In the last few weeks I had some meetings with people from the print industry. There were a very depressing meetings. We that lives the Internet every day can easily forget how fast the Internet is changing complete industries and people lives. Reflecting back, I can still remember that just 10 years ago I was probably subscribed to 5 different magazines, and names like PC Mag and Mac World were creating the standards in our industry.
The Internet is not the first technology to kill and shift complete industries, but it is unique in the rapid fast pace it did it. Print was probably the first big victim, but music, TV and movies are just examples for other industries we already know will never be the same.
In fact, the pace of change today is so fast that we even see businesses who were born in the internet that have to already adopt to a new reality. Take Netflix as an example. The direct mail company changed the dvd industry, displacing giants like Blockbuster. But now Netflix themselves need to adopt to the new reality of video on demand, Tivo and online video streaming.
The big challenge of a dying business is not to figure out what you need to do next, but it is how to do the change soon enough. Most print magazines knew that the Internet requires them to change, and still they didn't move fast enough. What killed them was their inability to deliberately forgo their current money making machines in order to save their long term future. Instead of doing experiments with the web, while still maintaining focus on their print business that was still making tons of money, they should have moved all their focus into digital and kill the print business themselves, instead of waiting for all of us to do it for them.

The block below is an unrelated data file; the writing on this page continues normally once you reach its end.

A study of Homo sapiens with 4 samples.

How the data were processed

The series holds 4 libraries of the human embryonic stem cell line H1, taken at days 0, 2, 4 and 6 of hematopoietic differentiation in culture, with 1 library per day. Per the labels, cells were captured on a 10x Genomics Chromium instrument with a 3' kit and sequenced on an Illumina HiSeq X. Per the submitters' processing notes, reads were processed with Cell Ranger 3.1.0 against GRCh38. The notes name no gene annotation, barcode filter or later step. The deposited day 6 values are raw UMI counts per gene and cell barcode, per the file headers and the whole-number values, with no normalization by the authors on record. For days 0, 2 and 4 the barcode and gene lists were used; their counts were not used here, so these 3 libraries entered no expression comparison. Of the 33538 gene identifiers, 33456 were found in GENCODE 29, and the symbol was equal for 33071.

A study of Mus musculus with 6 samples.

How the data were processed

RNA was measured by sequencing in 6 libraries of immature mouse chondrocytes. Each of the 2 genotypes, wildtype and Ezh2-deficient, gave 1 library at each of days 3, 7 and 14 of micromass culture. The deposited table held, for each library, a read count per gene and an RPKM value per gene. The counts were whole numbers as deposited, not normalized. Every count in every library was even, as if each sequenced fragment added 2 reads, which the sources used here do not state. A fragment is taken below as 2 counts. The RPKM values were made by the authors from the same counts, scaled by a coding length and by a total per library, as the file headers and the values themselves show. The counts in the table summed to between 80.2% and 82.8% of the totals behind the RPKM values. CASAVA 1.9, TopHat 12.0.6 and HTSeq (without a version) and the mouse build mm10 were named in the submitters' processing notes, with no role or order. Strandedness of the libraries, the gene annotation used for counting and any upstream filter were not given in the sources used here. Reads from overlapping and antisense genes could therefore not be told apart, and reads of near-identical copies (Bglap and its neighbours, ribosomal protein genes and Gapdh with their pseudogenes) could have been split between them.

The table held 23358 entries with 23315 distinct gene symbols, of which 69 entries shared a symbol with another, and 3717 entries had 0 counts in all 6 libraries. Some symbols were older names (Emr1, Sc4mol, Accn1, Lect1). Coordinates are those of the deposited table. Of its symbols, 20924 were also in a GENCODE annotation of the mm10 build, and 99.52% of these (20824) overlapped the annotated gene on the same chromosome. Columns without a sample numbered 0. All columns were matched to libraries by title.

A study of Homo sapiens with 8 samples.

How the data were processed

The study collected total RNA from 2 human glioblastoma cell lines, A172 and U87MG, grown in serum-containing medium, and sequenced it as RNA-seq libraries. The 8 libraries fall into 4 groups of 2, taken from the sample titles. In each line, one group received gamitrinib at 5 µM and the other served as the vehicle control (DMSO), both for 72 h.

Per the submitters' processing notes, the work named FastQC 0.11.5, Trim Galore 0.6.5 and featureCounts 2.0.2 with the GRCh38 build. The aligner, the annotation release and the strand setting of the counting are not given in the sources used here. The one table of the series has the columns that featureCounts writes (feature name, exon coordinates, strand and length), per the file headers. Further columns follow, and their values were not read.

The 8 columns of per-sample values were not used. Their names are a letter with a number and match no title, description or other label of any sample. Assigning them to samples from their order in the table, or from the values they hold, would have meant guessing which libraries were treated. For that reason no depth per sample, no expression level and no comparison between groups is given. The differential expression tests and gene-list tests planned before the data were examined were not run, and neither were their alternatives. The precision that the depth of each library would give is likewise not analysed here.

By waiting and trying to milk their current business model to the end, they let new businesses born into the digital world to take their place as the leaders of the new medium.
Today we are on the verge of another big change that potentially will displace many businesses. The evolution of mobile computing is changing how people consume and use information. This time, the threat is not just for the old traditional businesses, but even to digital businesses which were born jut a couple of years ago.
Every big change has a tipping point. A point of no return. A point in which the pace of change becomes so rapid, that there is no way to stop it anymore. It took the Internet a lot of years to become what it is. There were many factors that got us to the tipping point, but probably one of the bigger ones was when broadband became a commodity.
It seems that the tipping point for mobile computing was around the introduction of the iPhone and also here, the large availability of 3G networks.
It's still too early to know how exactly the mobile revolution will change the way we do things on a day to day basis. It's still hard to guess who will be the new kings of this era. Companies like Google, Apple and Microsoft have their full attention and resources, trying to make sure that no one will take their place in this new world. And still, it seems that the mobile landscape is still open enough for a new king to come and rule.
Like before, it's easy to say that we have been talking about mobile for years but it never really happened. It's easy to think that you still have time and you don't have to change things today. And this is the fetal mistake that most of us do. The best businesses knows to take the hard decision and displace themselves, instead of waiting for the market to do so.